During the prime-time broadcast of the opening ceremony on NBC, Costas will offer an on-air minute of silence in honor of the Israelis killed at the 1972 Munich Games—something the IOC has failed to do for 40 years despite numerous requests.
The most recent ones have come from President Obama and Republican candidate Mitt Romney, who was the head of the Salt Lake Organizing Committee for the 2002 Winter Games.
IOC president Jacques Rogge has formally declined numerous requests to have a moment of silence in remembrance of the 11 Israeli athletes and a West German police officer murdered at the 1972 Munich Games.
"We are going to pay homage to the athletes as we always have done in the past and will do in the future," Rogge said, according to the Daily Mail of London. "We will also be present on the exact day of the killings, Sept. 5, at the military airport of Furstenfeldbruck where the killings actually happened. We feel that the opening ceremony is an atmosphere that is not fit to remember such a tragic incident."
But there are contradictions with the Olympic governing body.
Costas has taken on the task of doing the right thing. His moment of silence in honor of the Israeli athletes and the policeman will go on with the full backing of his bosses at NBC.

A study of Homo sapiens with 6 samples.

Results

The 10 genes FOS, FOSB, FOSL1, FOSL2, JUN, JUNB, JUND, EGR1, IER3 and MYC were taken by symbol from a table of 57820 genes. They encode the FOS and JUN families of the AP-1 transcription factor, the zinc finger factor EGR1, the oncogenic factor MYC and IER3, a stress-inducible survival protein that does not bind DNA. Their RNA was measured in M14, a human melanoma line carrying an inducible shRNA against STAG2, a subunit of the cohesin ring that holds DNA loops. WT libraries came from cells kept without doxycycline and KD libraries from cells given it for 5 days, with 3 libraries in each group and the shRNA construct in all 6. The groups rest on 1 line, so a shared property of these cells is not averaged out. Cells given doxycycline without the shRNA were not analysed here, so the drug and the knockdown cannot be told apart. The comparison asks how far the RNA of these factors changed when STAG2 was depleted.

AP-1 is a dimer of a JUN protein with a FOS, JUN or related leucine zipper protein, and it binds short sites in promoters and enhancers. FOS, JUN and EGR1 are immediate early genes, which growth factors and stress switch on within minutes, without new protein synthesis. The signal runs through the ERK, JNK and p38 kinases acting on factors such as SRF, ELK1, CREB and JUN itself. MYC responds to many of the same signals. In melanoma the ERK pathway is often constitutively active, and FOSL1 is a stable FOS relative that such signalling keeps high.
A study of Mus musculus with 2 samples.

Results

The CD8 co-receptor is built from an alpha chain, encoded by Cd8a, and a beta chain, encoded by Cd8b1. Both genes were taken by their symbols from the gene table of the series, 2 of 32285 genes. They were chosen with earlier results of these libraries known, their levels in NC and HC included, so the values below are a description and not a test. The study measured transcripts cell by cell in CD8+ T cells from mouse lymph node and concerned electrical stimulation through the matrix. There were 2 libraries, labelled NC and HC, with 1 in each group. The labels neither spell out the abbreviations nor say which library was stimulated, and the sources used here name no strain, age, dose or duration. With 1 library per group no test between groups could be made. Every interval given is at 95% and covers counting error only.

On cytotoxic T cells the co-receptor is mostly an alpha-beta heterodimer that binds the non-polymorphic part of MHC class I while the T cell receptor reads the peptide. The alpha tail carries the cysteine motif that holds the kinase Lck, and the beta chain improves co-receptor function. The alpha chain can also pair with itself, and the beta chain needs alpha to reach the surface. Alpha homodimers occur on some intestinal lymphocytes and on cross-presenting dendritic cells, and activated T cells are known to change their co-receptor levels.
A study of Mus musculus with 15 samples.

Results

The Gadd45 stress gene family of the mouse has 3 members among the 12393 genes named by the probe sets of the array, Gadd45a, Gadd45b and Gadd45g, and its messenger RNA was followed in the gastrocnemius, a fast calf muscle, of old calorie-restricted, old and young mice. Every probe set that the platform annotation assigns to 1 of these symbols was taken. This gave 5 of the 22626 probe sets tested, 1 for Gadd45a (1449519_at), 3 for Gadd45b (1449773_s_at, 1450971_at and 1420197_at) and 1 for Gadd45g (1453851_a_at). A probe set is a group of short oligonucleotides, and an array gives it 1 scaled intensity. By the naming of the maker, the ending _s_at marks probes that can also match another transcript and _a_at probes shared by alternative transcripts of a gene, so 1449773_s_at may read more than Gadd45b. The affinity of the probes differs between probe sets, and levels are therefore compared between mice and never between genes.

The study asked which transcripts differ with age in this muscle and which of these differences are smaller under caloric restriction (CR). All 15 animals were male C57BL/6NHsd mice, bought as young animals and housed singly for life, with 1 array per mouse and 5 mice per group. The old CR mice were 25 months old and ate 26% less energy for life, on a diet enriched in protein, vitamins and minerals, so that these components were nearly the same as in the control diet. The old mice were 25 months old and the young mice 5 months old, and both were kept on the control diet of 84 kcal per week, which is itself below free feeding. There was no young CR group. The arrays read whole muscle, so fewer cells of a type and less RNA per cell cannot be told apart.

NBC Olympics executive producer Jim Bell told me from his office at the International Broadcast Center in London on Thursday that he will not keep Costas from offering his moment of silence.
"We've been talking about that among many other things about the opening ceremony, and I think if there is anyone who knows how to handle himself in that situation, have the right approach and tone, it's Bob and Matt [Lauer]," Bell said. "We are going to handle it appropriately and respectfully. Bob has always had a big role in our planning of the coverage, and it's been a healthy collaborative process."
All quotes used in this story, unless otherwise noted, were obtained first hand by James Williams via a conference call Thursday.